The factors that lead someone to take their own life are complex. There’s rarely one single trigger, although there may be an important ‘last straw’.
People may be more vulnerable to suicide because of a genetic predisposition, personality trait or lack of support. In many suicides there has been a long history of mental health problems, the main ones being depression, eating disorders and schizophrenia. Relationship problems are also frequent factors expressed by women who have survived a suicide attempt or have admitted to considering suicide.
Other factors include physical illness (acute and chronic), alcohol and drug abuse, social isolation, housing, money and job problems. Even the phases of the moon have been implicated as having some effect on mood and acting on impulse. But one in five suicides, especially among the young, show no previous sign of emotional difficulties – just some sudden upset which they seemed unable to cope with.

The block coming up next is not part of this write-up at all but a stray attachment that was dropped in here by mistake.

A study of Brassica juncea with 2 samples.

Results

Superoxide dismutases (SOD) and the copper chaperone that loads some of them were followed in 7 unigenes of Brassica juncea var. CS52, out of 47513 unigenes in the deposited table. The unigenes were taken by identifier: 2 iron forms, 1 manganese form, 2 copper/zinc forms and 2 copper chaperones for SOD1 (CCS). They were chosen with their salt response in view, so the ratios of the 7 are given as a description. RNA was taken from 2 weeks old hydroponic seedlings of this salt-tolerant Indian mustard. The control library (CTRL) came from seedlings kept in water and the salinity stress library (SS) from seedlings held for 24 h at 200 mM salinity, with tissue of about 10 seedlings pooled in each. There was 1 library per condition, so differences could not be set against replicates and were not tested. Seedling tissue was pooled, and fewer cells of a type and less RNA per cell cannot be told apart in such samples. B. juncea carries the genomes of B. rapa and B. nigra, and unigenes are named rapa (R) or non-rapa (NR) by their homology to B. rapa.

The final straw may be the end of an important relationship, having to face up to debt or a court case, losing one’s home or job, or simply an event that stirs the emotions.
The emotional pressure of external events seems to be particularly pertinent for women. For example, after the death of Princess Diana in 1997, there was a 33 per cent rise in suicides among women. This increase was particularly marked among women of a similar age to Diana. Deliberate self-harm also increased. It’s thought her death may have made people feel worse about their own personal distress.